At the end of the nineteenth century, the British artist, photographer and traveler Frederick W.W. Howell, F.R.G.S., recorded Icelandic and Faroese landscapes, farmsteads, towns and people in a remarkable series of photographs that depicted Iceland and the Faeroe Islands on the edge of modernity.
Although he was not the most compelling writer among the travellers to Iceland in the 19th century, Frederick Howell produced a book that is noteworthy in two ways: first, he visited many parts of the island that were overlooked by most other travellers; and second, his black and white drawings (and some early photographs) are excellent depictions of the Icelandic landscape a little over a hundred years ago.
“But didn’t you find it very cold?” is a question so often asked the writer, that he fears there are many intelligent Englishmen yet to whom Saga Land is little else than an ice-bound, ice-clad, ice-capped isle, save where Hekla’s flames or Geysir’s floods have pierced the crystalline crust! To such, these pages will come with special interest, revealing the wealth of historic lore and the fulness of mountain beauty possessed by Iceland. And even the snowfields themselves, in the hot bright summer days, become dazzling fairylands, while the wild-flowers at their feet can rival those of many a Switzer Alp. There are few countries in which such great changes of scenery occur within a compass so limited. From pasture to desert, from peak to sea, from ice to lava is often a transition for which an hour may suffice. It is true that monuments of antiquity are conspicuous only by their absence; but the presence of a people with the language and many of the customs of a thousand years ago is a monument of itself….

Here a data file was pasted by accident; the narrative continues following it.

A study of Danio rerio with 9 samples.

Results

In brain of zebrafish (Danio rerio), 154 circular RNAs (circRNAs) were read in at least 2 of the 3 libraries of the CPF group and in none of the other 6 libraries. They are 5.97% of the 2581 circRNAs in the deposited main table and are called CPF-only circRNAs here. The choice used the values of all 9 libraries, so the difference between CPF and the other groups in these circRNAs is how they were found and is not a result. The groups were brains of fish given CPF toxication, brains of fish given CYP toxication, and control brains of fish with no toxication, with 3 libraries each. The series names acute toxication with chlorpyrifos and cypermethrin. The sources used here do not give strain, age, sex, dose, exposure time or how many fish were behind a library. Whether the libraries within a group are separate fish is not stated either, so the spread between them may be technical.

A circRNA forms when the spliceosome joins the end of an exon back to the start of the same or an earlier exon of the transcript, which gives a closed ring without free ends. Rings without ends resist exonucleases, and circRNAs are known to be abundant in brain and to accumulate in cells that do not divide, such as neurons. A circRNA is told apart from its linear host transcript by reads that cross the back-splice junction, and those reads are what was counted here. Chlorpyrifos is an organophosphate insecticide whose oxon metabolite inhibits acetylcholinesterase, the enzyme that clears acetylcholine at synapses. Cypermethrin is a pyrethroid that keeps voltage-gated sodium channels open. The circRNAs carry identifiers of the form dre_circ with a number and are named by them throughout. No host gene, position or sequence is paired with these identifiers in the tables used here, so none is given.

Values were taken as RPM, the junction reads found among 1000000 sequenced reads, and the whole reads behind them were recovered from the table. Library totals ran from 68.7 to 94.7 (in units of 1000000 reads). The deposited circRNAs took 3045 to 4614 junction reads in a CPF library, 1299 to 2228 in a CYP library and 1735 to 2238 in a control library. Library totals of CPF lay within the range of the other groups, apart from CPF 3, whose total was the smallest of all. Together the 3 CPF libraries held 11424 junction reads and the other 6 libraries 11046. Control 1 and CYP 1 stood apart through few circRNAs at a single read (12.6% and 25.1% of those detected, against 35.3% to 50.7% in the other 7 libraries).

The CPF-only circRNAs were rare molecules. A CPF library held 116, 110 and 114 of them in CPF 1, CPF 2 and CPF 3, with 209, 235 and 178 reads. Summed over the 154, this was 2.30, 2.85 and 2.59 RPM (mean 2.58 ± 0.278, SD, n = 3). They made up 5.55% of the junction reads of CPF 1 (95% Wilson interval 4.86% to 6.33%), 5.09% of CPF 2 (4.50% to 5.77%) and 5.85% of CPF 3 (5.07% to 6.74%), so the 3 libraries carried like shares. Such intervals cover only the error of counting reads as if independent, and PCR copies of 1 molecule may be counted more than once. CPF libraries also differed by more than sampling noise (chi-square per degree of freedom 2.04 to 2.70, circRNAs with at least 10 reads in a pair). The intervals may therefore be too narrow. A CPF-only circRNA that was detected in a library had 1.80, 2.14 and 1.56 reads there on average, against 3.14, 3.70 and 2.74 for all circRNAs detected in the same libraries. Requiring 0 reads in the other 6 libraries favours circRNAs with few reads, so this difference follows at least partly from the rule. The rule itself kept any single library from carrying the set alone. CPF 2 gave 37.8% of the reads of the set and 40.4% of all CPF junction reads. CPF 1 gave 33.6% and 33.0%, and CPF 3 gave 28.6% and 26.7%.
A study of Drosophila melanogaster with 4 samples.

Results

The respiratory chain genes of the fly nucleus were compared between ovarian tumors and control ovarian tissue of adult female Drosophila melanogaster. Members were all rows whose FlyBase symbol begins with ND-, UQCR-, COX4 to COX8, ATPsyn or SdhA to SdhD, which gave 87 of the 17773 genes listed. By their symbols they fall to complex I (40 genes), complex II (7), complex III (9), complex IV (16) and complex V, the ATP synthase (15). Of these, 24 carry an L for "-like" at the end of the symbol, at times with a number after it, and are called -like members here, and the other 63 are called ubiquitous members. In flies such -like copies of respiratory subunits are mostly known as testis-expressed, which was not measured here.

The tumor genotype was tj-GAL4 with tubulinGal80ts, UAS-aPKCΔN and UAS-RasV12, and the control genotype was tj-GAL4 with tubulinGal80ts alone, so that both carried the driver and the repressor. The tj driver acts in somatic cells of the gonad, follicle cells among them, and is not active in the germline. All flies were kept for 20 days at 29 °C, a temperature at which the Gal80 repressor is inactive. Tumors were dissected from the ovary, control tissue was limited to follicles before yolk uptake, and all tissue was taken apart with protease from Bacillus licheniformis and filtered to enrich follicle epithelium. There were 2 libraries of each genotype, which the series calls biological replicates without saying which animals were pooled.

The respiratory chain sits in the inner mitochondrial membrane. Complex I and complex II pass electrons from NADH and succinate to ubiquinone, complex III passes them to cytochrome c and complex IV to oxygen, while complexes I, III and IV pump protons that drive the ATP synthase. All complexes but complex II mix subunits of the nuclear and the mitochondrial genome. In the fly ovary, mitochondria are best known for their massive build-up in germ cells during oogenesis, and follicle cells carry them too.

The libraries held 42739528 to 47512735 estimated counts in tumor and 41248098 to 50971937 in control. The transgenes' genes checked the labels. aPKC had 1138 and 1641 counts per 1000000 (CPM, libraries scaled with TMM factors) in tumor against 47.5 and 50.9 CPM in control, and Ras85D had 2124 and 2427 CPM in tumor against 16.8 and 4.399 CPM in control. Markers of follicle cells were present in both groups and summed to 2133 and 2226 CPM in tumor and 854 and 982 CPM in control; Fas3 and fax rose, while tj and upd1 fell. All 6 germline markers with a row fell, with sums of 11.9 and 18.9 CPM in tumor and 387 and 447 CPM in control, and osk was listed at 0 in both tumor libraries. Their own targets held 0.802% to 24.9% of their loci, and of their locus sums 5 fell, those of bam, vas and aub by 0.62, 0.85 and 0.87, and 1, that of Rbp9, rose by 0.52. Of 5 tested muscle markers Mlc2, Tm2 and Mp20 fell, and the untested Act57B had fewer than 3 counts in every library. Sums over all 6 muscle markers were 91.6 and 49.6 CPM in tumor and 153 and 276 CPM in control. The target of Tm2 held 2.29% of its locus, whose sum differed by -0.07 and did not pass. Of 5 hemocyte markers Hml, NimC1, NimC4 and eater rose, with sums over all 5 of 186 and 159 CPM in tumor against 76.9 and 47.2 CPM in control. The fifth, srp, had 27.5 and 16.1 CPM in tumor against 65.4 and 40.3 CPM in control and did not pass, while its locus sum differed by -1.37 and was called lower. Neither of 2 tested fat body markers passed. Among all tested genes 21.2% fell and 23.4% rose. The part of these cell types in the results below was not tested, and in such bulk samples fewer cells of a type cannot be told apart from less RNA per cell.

Twice the author has travelled through the island, in 1890 and 1891; primarily, perhaps, as a mountaineer in quest of its highest summit, virgin till 1891, but with deep and growing interest in the land itself. In addition, he has consulted five-and-twenty works of Icelandic travel, and over thirty articles in other books pertaining to the. It is therefore hoped that Icelandic Pictures will be found to contain as complete a sketch of the island as its limits permit, and that it will prove useful to many who may be led to visit a land in which travel becomes more easy every year, but which permits the wayfarer to lose himself in the atmosphere and surroundings of an old world life.